I have a book on my shelf: Edward Stratemeyer’s Bound to be an Electrician, or, Franklin Bell's Success written in 1897. It is a Horatio Alger adventure: the young lad meets Thomas Alva Edison, and rescues young lady from being run over by trains, and other such types of adventures.
At one point his kindly boss asks him to go on a mission to find out who is stealing his patent for a wonderful new medical device.
I am the owner of a medical battery, known as the Bliss Thermo-Galvanic, of which I purchased the rights some five years ago… The battery is now manufactured by the H.Y. Smith Co. of Chicago, under royalty. When old Smith himself was alive, the royalty was promptly paid, but since he died, and his sons took hold of the business, matters have taken a different course. I have it straight that they put out more batteries, yet my income from the royalty is smaller.”
You mean to say that they are cheating you out of part of the royalty?” questioned Franklin with deep interest.
So off Franklin goes on another adventure to bring the chicanery of these crooks to light. But you notice that there is no hint that there is any problem with the device itself.
Electricity in the 1870s was pretty hot stuff and had all sorts of stimulating properties. One of uses it was put to was the curing of various mental ailments. In this case you would take a battery and run a low level current through them. It likely made them tingle a bit with much in the way of pain. To the extent it “cured” people, it did so because they thought they were supposed to be cured. I suspect it worked no worse than the much more painful electro-shock treatments controversially still practiced today.
The treatment of mental ailments has always had elements of quackery to be found within its practices. If it is not demons possessing us, it is some sort of ethereal imbalances.
Not very long ago, we used to try and talk people through their difficulties. But with the introduction of Prosac in 1987, that changed. Said to correct chemical imbalances of seroton in the brain it became a wonder drug. Soon a host of other medications were brought out to treat other newly found imbalances. The number of people treated for depression tripled in ten years, and 10% of our population over the age of six now take antidepressants.
But how strong is the evidence that these drugs work? And if they work so well, why are we treating more people as time goes on and not less?
At the New York Review of books Marcia Angell review three books that investigate the modern practice of the mental health psychiatric industry: Irving Kirsch’s The Emperor’s New Drugs: Exploding the Antidepressant Myth, Robert Whitaker’s
Anatomy of an Epidemic: Magic Bullets, Psychiatric Drugs, and the Astonishing Rise of Mental Illness in America, andDaniel Carla’s Unhinged: The Trouble With Psychiatry—A Doctor’s Revelations About a Profession in Crisis. As Ms. Angell notes, the authors are not impressed with the results:
Marcia Angell, New York Review of Books, June 23, 2011, Hat tip: MR.
It seems that Americans are in the midst of a raging epidemic of mental illness, at least as judged by the increase in the numbers treated for it. The tally of those who are so disabled by mental disorders that they qualify for Supplemental Security Income (SSI) or Social Security Disability Insurance (SSDI) increased nearly two and a half times between 1987 and 2007—from one in 184 Americans to one in seventy-six. For children, the rise is even more startling—a thirty-five-fold increase in the same two decades. Mental illness is now the leading cause of disability in children, well ahead of physical disabilities like cerebral palsy or Down syndrome, for which the federal programs were created.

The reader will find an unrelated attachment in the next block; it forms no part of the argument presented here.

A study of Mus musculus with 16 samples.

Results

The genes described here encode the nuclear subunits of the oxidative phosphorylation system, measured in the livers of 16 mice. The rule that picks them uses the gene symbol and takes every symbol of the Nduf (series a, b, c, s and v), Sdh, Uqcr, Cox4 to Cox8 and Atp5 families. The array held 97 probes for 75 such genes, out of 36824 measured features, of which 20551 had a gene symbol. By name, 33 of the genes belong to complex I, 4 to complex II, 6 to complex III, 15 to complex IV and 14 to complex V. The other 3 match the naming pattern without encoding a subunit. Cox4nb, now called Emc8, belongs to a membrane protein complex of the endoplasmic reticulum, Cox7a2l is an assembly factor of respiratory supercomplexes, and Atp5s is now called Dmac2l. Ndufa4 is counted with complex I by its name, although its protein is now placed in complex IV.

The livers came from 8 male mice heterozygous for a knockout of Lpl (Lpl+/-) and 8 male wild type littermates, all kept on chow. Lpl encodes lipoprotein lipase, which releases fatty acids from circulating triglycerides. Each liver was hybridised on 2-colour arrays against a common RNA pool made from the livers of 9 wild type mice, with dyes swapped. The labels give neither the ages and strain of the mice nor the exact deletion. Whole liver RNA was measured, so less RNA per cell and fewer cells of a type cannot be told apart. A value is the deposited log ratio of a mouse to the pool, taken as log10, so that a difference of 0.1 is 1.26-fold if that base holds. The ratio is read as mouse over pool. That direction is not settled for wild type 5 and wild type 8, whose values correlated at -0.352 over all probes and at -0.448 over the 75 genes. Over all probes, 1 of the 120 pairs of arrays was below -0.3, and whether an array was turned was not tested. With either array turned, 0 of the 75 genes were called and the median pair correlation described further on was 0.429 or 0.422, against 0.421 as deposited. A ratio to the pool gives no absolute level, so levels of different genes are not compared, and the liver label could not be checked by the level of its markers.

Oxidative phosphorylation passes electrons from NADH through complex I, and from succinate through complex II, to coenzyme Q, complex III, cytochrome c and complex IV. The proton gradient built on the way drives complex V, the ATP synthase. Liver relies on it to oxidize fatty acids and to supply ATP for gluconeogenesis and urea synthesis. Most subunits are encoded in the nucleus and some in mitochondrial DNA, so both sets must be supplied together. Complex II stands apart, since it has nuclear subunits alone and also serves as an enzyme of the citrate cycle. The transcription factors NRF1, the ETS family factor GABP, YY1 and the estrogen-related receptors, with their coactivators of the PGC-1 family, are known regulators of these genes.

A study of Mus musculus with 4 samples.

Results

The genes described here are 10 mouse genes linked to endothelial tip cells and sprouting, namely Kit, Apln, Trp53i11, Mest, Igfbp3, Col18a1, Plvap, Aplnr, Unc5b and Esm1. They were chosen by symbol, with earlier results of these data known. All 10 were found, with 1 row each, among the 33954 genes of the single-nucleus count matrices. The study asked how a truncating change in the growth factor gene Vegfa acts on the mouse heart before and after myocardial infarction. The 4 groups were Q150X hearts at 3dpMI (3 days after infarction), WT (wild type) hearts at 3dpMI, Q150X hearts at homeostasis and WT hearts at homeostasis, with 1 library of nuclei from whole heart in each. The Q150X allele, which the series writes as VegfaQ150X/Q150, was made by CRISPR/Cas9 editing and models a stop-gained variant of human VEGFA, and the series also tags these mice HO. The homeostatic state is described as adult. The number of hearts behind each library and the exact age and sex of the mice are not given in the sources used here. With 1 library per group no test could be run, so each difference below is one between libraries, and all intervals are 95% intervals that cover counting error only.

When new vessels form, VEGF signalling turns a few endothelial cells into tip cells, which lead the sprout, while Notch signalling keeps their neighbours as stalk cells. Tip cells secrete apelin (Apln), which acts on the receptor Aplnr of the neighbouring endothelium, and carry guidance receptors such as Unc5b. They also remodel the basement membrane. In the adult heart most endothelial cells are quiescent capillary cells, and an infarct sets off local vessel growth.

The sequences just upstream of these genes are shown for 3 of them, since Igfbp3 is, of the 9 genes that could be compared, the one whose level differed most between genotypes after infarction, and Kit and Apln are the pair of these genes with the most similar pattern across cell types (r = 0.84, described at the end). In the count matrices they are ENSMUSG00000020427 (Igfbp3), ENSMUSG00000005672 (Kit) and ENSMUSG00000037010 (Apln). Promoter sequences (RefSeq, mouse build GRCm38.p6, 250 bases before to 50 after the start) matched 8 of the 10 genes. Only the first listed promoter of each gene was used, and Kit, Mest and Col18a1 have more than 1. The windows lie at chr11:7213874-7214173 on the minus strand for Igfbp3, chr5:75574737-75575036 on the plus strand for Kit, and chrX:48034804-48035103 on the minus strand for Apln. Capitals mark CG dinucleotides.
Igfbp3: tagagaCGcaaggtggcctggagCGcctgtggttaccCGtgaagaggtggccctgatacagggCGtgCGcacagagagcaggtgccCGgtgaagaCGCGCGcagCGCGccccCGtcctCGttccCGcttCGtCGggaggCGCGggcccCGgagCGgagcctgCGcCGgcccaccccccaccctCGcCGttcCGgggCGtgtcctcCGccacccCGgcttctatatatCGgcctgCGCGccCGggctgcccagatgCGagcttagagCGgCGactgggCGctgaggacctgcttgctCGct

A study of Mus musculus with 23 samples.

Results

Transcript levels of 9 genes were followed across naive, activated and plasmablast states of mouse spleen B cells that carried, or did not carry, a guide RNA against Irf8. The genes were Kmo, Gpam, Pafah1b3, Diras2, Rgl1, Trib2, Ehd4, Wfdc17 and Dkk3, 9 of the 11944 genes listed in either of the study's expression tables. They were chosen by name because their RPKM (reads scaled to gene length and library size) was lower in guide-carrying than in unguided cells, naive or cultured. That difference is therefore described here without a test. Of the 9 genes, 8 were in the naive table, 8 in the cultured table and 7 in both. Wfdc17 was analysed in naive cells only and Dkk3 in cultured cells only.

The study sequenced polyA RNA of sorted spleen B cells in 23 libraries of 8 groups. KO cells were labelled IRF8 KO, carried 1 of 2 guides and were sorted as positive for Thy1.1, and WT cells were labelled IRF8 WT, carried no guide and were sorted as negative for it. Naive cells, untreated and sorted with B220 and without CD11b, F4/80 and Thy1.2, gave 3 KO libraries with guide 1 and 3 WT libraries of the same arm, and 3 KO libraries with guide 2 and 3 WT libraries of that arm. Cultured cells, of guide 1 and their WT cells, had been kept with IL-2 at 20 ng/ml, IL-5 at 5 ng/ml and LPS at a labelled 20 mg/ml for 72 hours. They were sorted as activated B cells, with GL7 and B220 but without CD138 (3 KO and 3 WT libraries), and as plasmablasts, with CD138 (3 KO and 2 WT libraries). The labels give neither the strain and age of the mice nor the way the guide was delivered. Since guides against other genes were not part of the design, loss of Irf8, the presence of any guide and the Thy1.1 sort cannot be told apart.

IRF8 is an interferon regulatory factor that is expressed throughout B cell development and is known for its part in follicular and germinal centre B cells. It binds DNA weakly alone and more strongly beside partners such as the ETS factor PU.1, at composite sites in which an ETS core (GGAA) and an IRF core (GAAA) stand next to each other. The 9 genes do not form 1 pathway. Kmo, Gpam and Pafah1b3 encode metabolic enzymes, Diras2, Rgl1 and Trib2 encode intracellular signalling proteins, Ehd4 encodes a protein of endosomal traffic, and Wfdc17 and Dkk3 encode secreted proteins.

A large survey of randomly selected adults, sponsored by the National Institute of Mental Health (NIMH) and conducted between 2001 and 2003, found that an astonishing 46 percent met criteria established by the American Psychiatric Association (APA) for having had at least one mental illness within four broad categories at some time in their lives… Most met criteria for more than one diagnosis. Of a subgroup affected within the previous year, a third were under treatment—up from a fifth in a similar survey ten years earlier…
The authors emphasize different aspects of the epidemic of mental illness. Kirsch is concerned with whether antidepressants work. Whitaker, who has written an angrier book, takes on the entire spectrum of mental illness and asks whether psychoactive drugs create worse problems than they solve. Carlat, who writes more in sorrow than in anger, looks mainly at how his profession has allied itself with, and is manipulated by, the pharmaceutical industry. But despite their differences, all three are in remarkable agreement on some important matters, and they have documented their views well.
First, they agree on the disturbing extent to which the companies that sell psychoactive drugs—through various forms of marketing, both legal and illegal, and what many people would describe as bribery—have come to determine what constitutes a mental illness and how the disorders should be diagnosed and treated.
Second, none of the three authors subscribes to the popular theory that mental illness is caused by a chemical imbalance in the brain.
And at this point, she is only just getting started.
We have had posts about medical and research quackery in the past. Psychiatric disability is also one of the growing causes of disability within or increasingly unaffordable disability system. We are spending a ton of money on unhappy people.
I won’t argue against the idea that we are crazy. My only question is “Crazy in what way?”